Spotify's CEO, Daniel Ek, has confirmed that the platform will welcome music generated by artificial intelligence (AI). This decision follows a recent incident where Spotify removed tracks featuring AI-cloned voices of renowned artists Drake and The Weeknd. Ek, in conversation with BBC News, emphasized that while AI music is legitimate, it should not impersonate artists without consent. He delineated three categories of AI in music, highlighting the acceptable use of tools like auto-tune and the contentious nature of AI mimicking artists.
Balancing Innovation and Authenticity
Ek's revelation underscores the evolving dynamics in the music industry, with AI becoming a significant player. The Spotify chief identified a “contentious middle ground” where AI-generated music is influenced by existing artists but does not directly impersonate them. He anticipates that the integration of AI in music will spark debates for “many, many years,” especially regarding its impact on creators and the definition of art. Irish musician Hozier has voiced concerns over AI, questioning whether technology-created music meets the artistic threshold.
Impersonation and Ethical Dilemmas
The ethical implications of AI in music are multifaceted. Spotify had to confront this when a track titled “Heart on My Sleeve,” featuring cloned voices of Drake and The Weeknd, surfaced on the platform. Neither artist was aware of this impersonation, leading to the track's removal and a subsequent failed Grammy nomination attempt by its creator, Ghostwriter. Ek acknowledged the challenges, stating, “You can imagine someone uploading a song, claiming to be Madonna, even if they're not.” He assured that Spotify is actively addressing such issues with a dedicated team.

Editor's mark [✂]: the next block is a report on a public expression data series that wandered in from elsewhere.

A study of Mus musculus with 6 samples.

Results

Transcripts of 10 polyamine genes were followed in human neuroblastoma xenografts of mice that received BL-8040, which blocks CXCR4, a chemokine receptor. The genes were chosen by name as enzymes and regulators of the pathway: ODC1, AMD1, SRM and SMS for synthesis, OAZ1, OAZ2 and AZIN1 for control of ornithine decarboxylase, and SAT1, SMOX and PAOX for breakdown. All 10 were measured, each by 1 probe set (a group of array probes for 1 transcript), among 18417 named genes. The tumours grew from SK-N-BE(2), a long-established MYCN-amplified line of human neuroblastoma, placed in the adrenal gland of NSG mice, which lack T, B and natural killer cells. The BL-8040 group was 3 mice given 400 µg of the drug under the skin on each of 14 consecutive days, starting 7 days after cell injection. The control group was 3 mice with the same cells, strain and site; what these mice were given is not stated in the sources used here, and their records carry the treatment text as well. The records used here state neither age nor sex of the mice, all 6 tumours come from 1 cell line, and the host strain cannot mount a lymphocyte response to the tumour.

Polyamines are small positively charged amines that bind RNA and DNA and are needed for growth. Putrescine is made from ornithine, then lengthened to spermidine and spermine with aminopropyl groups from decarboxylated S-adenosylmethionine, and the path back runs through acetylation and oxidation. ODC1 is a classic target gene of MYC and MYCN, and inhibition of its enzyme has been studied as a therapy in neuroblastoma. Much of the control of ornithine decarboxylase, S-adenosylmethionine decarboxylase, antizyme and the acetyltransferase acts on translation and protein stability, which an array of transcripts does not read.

Regulatory Conversations and Platform Growth
Beyond the realm of music creation, Ek's interview also touched on Spotify's stance on regulatory frameworks like the Online Safety Bill and the Digital Markets Bill. The CEO expressed support for these initiatives aimed at enhancing internet safety and market competition. Ek's critique of app store policies, particularly those of Apple and Google, highlighted the ongoing tensions between platform providers and developers. Spotify's investment in podcasts and collaborations with high-profile figures like the Obamas and the Duke and Duchess of Sussex were also discussed, reflecting the platform's diversified growth strategy.